Buffalo City claims that it loses millions to illegal connections

Buffalo City Metro Municipality is clamping down on the theft of electricity. Photo by Nombulelo Damba-Hendrik

Informal settlement residents continue to reconnect themselves to the electricity grid after the municipality disconnects their illegal supply.

The Buffalo City Metro Municipality (BCMM) in the Eastern Cape loses approximately R228-million to illegal connections per year. This is according to a BCMM statement issued by municipal spokesperson, Samkelo Ngwenya early this week.

Ngwenya said last week alone, law enforcement officers escorted the metro’s electricians to Mzamomhle and Mdantsane townships to disconnect 650 illegal connections.

Ngwenya said the many illegal connections overload the grid, causing transformers to burn which the BCMM Electricity and Energy Services department has had to replace at an alarming rate.

He said in some areas, transformers are replaced on a monthly basis.

“In the last three months during the covid-19 period, more than 12 transformers were replaced and this has depleted the stock of the municipality. Of the 12, six of them have already blown up and need to be changed,” Ngwenya said.

Elitsha visited three informal settlements where BCMM disconnected the electricity last week and in all the areas the lights were back on.

There are informal settlements where electricity is connected straight from the transformer.

One of the informal settlements is not far from Mount Ruth; we were told that each house donated R150 to buy a transformer. Even though it was not clear where the transformer was bought, the residents assured us that they are using a professional electrician to install the electricity.

Organising electricity poles and lines and to distribute the electricity to each house normally costs residents R6,500 to R7,000 but the money is divided among 50 households.

This informal settlement has about 300 shacks but not all are connected from the transformer. Residents said BCMM have tried to cut their illegal connections only recently but for the last two years turned a blind eye.


This informal settlement is part of the Mdantsane cluster1 housing project; other areas include Masibambane, Ilinge, Velwano and Dacawa. The housing project has started in Dacawa.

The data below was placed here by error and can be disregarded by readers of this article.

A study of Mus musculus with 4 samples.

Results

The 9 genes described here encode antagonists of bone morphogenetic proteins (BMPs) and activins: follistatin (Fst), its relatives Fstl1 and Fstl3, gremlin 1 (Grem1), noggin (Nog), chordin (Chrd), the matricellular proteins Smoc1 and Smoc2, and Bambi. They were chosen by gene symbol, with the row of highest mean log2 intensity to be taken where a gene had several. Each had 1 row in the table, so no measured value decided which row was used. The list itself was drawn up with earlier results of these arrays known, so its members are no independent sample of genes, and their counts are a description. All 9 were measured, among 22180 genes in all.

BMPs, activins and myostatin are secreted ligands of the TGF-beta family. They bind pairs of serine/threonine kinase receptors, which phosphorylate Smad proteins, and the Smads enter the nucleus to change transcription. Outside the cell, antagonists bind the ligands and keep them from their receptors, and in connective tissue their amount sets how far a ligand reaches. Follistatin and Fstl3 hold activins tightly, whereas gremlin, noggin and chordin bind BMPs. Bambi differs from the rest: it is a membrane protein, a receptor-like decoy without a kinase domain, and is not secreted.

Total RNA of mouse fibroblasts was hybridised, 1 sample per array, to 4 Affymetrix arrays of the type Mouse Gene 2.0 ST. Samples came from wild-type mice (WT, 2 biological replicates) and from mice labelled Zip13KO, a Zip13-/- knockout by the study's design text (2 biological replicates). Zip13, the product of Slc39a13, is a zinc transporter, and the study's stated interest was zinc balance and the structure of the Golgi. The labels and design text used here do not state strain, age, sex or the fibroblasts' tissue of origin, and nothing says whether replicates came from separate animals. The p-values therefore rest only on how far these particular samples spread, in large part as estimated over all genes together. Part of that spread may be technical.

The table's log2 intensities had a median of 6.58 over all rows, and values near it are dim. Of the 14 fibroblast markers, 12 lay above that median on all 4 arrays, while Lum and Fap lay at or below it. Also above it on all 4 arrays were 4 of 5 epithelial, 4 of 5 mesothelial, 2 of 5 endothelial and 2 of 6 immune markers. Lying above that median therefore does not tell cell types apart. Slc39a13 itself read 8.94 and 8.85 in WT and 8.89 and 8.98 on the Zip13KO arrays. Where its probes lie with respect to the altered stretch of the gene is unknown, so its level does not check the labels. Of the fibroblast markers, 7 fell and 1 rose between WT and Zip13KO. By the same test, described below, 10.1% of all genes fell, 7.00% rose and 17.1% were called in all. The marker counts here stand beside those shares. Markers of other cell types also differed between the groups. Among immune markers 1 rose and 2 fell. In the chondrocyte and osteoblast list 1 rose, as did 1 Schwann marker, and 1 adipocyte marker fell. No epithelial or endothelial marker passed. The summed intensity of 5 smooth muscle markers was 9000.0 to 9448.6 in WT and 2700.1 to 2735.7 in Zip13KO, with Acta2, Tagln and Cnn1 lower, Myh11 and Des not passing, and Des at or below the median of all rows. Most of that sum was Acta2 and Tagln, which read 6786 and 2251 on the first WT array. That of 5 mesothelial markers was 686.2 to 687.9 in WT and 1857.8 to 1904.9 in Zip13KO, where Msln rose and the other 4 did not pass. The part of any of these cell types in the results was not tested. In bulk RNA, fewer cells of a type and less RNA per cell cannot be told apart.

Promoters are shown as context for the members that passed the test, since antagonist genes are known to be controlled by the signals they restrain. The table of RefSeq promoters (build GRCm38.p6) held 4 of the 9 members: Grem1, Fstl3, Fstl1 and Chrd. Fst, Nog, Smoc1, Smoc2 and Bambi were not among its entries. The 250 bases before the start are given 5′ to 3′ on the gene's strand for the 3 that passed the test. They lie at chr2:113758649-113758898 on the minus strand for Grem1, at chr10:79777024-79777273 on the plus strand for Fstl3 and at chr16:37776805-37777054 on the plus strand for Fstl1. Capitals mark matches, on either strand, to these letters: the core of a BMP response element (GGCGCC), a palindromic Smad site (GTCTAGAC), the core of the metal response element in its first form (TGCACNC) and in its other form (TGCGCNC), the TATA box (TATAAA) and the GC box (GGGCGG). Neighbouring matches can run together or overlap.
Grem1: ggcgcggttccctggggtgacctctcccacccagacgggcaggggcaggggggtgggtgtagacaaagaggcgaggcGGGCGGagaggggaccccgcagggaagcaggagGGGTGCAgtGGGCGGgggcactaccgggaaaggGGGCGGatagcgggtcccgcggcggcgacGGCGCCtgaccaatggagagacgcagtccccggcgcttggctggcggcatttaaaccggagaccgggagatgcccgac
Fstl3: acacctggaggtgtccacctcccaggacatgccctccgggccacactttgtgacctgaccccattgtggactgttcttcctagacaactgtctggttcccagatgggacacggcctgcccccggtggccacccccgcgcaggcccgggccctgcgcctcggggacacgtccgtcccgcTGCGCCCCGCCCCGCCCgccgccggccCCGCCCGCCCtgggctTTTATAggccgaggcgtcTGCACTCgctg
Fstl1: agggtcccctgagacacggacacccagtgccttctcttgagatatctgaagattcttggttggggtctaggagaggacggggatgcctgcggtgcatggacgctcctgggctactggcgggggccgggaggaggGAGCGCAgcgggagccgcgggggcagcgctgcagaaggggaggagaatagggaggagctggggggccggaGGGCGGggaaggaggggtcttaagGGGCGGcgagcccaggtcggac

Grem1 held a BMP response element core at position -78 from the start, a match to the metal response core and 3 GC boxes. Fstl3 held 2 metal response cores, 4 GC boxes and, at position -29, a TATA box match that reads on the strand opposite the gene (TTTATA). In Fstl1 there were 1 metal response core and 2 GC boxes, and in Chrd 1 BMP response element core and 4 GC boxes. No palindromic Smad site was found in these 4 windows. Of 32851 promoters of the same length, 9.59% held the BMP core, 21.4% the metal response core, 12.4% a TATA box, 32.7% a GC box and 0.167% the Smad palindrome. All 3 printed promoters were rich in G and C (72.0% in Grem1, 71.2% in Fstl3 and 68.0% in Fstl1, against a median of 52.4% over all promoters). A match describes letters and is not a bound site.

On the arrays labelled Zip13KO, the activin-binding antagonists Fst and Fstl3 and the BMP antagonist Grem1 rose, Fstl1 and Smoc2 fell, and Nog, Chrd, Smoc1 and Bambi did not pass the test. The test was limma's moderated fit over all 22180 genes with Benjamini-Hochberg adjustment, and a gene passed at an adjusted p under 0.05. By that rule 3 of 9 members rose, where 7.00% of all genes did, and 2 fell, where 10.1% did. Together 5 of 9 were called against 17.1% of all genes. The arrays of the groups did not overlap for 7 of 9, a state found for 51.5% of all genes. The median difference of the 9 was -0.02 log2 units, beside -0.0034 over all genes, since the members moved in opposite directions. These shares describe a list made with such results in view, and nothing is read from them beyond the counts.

A resident who asked to remain anonymous said BCMM has taken so long to build them houses and they are tired of waiting.

“We just refuse to live in the dark; they can disconnect our electricity. We will install it again until they give up or they build us houses,” she said.

Residents of Nkandla informal settlement in East London recently protested to be connected to electricity services. Photo by Anele Mbi

In Gomora informal settlement near NU6 in Mdantsane, residents said BCMM was in the area to disconnect electricity. However, when we visited the area most houses had electricity.

In this informal settlement angry residents said BCMM only disconnected their illegal connections, leaving those who live in houses to continue tampering with electricity.

We were shown two RDP houses that are using illegal connections with a wire connected to the electricity lines clearly visible.

Resident, Akhona Sifumba, said it is common in Mdantsane to use illegal connections while living in RDP houses. She said it is mostly used by tenants who are renting the RDP houses.

“I guess rent is too much and now a person has to deal with buying electricity. BCMM electricity is very expensive and illegal connection adds another nightmare to those who buy electricity,” she said.

In his 2020 State of the City Address, the BCMM Executive Mayor, Xola Pakati, said: “We have since the start of the term spent R548-million on electricity which has seen the electrification of around 5,200 formal households and 1,288 informal dwellings.”


“Each year for the past 10 years we have been able to decrease the number of households without access to electrical connections by an average of 8 percent per year. In 2008, we had some 71,300 households without electrical connection. We have reduced this to 30,400 households.”

Ngwenya said BCMM has a backlog of eight transformers in the electrical network that need to be replaced after they were blown up as a result of illegal connections.

He said, “Not only is the municipality experiencing strain on the network as a result of illegal connections, but our transformers are also being stolen.  This is putting enormous pressure on our maintenance teams. It’s also depleting the city’s budget and is leaving honest and hard paying consumers in the dark.”

Ngwenya said they suspect syndicates are behind the proliferation of illegal connections.